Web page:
Entering the qat shop, one would see around 4-5 Yemenis crowding the qat seller asking for qat, but this time it’s not in Sana’a, it’s in America!
Astonished I was when I saw bags of qat being distributed in the open in the heart of America. One bag of qat would sell for $30, while Yemeni customers would get the option to buy a full bag or half a bag. Soon after, all would go to the Deewans (qat sitting room) at start chewing. On average, Yemenis in America would chew in groups of 8 or more, and for at least 5 hours.
The next day, I headed to a group of senior Yemeni citizens residing in the United States, who say that they chew everyday. According to them, they chew more qat in America than in Yemen.
Most of the qat chewed in the United States is planted there, while a small portion of it comes from Kenya via London.
Sadly, only Yemenis chew in America while other minorities try to build the future of their younger generations. Parents chew in front of their children, therefore, becoming negative examples for their children in the country of hopes and dreams.
Late last year, I met with the Minister of Water and he clearly said that it is impossible to end qat plantation in Yemen. He himself is known to have massive qat farms in Ibb region, while he admits that he would not stop qat plantation in his farms until the government gives him other options. The minister is saying that he wants options from the government in order to stop qat plantation, as if he is not in the government and responsible for this tragic file. He forgets that it is his duty to save Yemen from water depletion.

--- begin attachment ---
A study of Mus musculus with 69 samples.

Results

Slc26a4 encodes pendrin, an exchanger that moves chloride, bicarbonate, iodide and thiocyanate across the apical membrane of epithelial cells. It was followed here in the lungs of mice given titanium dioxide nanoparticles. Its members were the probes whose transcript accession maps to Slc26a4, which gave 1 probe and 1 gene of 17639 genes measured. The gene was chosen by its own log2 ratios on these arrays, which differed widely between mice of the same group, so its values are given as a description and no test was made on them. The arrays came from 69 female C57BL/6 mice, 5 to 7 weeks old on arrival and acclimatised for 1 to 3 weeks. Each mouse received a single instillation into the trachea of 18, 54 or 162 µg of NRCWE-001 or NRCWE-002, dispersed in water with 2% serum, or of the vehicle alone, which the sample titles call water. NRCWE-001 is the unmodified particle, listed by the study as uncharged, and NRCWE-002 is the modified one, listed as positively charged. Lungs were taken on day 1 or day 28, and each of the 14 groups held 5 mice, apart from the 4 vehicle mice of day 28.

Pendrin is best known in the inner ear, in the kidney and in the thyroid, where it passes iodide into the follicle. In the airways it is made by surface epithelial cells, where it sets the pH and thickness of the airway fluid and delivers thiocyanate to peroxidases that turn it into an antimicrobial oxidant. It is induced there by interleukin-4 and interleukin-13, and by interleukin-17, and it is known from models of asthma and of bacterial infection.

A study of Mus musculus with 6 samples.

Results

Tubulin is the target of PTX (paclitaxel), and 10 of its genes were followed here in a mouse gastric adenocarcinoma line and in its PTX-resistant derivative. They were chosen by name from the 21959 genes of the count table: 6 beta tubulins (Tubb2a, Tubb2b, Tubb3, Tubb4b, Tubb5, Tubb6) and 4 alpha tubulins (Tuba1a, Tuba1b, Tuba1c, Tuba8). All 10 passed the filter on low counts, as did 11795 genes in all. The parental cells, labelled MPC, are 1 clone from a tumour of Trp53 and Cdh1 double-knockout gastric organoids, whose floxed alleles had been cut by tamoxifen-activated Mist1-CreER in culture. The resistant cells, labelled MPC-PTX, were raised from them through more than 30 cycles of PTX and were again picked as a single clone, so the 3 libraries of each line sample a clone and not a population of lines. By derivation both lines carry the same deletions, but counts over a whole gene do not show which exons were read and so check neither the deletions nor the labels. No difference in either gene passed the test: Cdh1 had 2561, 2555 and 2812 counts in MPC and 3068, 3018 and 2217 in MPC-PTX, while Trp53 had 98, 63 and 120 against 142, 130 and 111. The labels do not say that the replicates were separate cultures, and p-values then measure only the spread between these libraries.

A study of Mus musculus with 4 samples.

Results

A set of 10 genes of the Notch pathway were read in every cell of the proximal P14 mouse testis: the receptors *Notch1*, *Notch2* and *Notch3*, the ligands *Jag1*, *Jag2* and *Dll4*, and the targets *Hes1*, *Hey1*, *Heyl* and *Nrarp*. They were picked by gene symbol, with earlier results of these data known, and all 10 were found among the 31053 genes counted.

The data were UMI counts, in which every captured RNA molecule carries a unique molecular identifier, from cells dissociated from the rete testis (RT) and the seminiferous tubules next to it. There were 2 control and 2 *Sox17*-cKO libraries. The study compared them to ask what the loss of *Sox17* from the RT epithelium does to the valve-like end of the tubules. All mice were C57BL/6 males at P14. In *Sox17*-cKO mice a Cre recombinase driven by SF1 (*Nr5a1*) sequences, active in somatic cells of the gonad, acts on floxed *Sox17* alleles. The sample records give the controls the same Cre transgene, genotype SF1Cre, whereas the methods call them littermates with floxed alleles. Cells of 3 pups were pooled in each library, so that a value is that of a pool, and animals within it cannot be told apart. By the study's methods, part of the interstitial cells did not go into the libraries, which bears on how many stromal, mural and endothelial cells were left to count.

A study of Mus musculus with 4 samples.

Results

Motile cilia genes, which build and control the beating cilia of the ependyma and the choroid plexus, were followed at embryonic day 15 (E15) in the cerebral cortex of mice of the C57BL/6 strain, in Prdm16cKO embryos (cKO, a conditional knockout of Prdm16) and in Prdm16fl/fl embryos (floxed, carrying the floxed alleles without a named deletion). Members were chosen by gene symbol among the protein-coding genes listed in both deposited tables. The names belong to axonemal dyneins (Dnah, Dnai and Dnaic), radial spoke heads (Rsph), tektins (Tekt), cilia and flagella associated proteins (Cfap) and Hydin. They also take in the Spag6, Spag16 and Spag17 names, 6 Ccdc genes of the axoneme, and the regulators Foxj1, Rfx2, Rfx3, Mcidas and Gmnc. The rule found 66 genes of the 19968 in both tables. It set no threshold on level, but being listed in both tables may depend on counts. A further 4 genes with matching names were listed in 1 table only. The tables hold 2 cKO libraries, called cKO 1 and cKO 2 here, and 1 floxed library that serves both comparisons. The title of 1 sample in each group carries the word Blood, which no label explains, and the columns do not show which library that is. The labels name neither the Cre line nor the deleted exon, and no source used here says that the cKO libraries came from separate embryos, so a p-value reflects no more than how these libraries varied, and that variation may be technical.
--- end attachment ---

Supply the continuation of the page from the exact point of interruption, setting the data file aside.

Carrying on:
If our leaders are the ones who lack care for the country, how can this country prosper? If they as officials blame one another, who do we blame?
It seems like the qat crises will continue to grow for Yemenis, whether they live in Yemen or abroad.
ABOUT Yemen Post Publisher & Chief Editor:
Hakim Almasmari is an American journalist and Middle East expert based in Sana'a, Yemen. His work has appeared for many of the worlds top media outlets including The Wall Street Journal, CNN, Washington Post, AlJazeera, Fox News, The Guardian, The National, USA Today among numerous others. He has also worked with some of the world’s top organizations. Reporting out of Yemen for nearly eight years, he is the current editor in chief for the Yemen Post. He is a university lecturer in the field of international media and also studied business and law. Considered one of the top experts on Yemen, Almasmari has closely worked with international strategic centers and think tanks helping them better understand Yemen. He is a frequent guest on many international TV outlets discussing current local and international affairs. Almasmari's ancestors are from Yemen, and was born in Detroit, Michigan, USA. His mother tongue is English and is fluent in Arabic.